Trade tensions affect Oregon businesses


When economists from the Oregon Office of Economic Analysis presented the Economic and Revenue Forecast in June 2018, they identified trade tensions as one of a handful of national and international political/economic factors – along with a tightening labor supply and rising interest rates – that could slow Oregon’s economic growth. Developments since that presentation about a month ago have increased reason for concerns.

Efforts to change trade agreements and impose tariffs on some foreign goods sold in the United States already are creating confusion and increasing costs for some U.S. businesses. And, as economists Mark McMullen and Josh Lehner noted in their presentation to the House and Senate Revenue committees, Oregon is particularly vulnerable to trade disruptions.

“Given that Oregon is more trade-dependent than the typical state, China is our number one destination for exports, and Canada is our number two destination, any substantial revisions to trade relations would impact the regional economy to a larger degree than the typical state,” they wrote in the forecast.

To read the June Economic and Revenue Forecast, click here.

The stakes for Oregon’s economy are significant. According to the website globalEDGE, Oregon had almost $22.2 billion in total exports in 2016. Its trade balance of $4.34 billion ranked third among the 50 states. Oregon’s largest export market, by far, is China, which bought $5.82 billion of Oregon products. Canada is second, and both countries have been targets of Trump Administration trade policies.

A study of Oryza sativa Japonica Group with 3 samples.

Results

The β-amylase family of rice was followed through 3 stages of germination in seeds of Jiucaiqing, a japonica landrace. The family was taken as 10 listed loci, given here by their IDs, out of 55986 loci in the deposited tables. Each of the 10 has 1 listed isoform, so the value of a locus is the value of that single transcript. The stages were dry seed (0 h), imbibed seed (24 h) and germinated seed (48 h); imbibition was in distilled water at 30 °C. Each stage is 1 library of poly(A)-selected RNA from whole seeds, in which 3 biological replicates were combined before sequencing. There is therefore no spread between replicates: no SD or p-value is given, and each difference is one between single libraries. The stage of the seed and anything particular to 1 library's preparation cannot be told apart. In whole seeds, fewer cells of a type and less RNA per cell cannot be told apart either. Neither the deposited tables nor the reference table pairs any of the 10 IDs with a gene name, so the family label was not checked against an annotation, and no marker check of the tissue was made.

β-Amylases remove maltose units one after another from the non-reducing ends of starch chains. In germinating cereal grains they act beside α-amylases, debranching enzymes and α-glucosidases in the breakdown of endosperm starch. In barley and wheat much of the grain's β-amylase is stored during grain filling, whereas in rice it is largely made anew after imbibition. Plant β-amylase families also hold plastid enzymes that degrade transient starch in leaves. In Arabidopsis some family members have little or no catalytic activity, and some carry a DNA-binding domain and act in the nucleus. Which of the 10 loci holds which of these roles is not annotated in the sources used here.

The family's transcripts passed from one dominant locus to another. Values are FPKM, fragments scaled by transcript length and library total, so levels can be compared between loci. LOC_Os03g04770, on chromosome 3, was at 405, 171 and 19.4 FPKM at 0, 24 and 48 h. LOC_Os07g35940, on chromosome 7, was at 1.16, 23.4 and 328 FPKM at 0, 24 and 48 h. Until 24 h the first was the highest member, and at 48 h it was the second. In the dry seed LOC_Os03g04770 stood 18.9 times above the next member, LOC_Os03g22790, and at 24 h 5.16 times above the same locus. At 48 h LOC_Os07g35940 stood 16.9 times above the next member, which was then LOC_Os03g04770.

The computer and semiconductor industry is particularly vulnerable because of the amount of business many of its leading companies – including Oregon’s largest exporter, Intel – do with China. Agriculture is another important Oregon industry vulnerable to a trade war.

Effects of global trade tensions go far beyond exporters who might lose access to foreign markets or see retaliatory tariffs placed on their products. Shelly Boshart Davis, Vice President of International Sales & Marketing for Oregon Business & Industry (OBI) member Boshart Trucking, said that tariffs affecting one industry or product can have far-reaching ripple effects.

“Any time one industry gets out of whack, the butterfly effect on other industries is concerning,” Boshart Davis said. One concern involves the ability to deliver products. The international shipping system is so fragile that a sudden cancellation of orders can lead to route changes that affect a wide range of exporters and importers. And trade-dependent companies in Oregon already face depleted shipping orders because of cutbacks in container service at the Port of Portland. National business organizations are working to help calm the tensions. The National Association of Manufacturers (NAM), National Retail Federation (NRF) and U.S. Chamber of Commerce all are advocating against tariffs and in favor of trade policies that promote economic growth and fair competition. Among other things, they supported legislation to require the president to submit to Congress any proposal to raise tariffs in the interest of national security under Section 232 of the Trade Expansion Act of 1962.

Regardless of what happens next, it appears certain that trade tensions will factor into business decisions and influence the stock market and consumer prices for some time.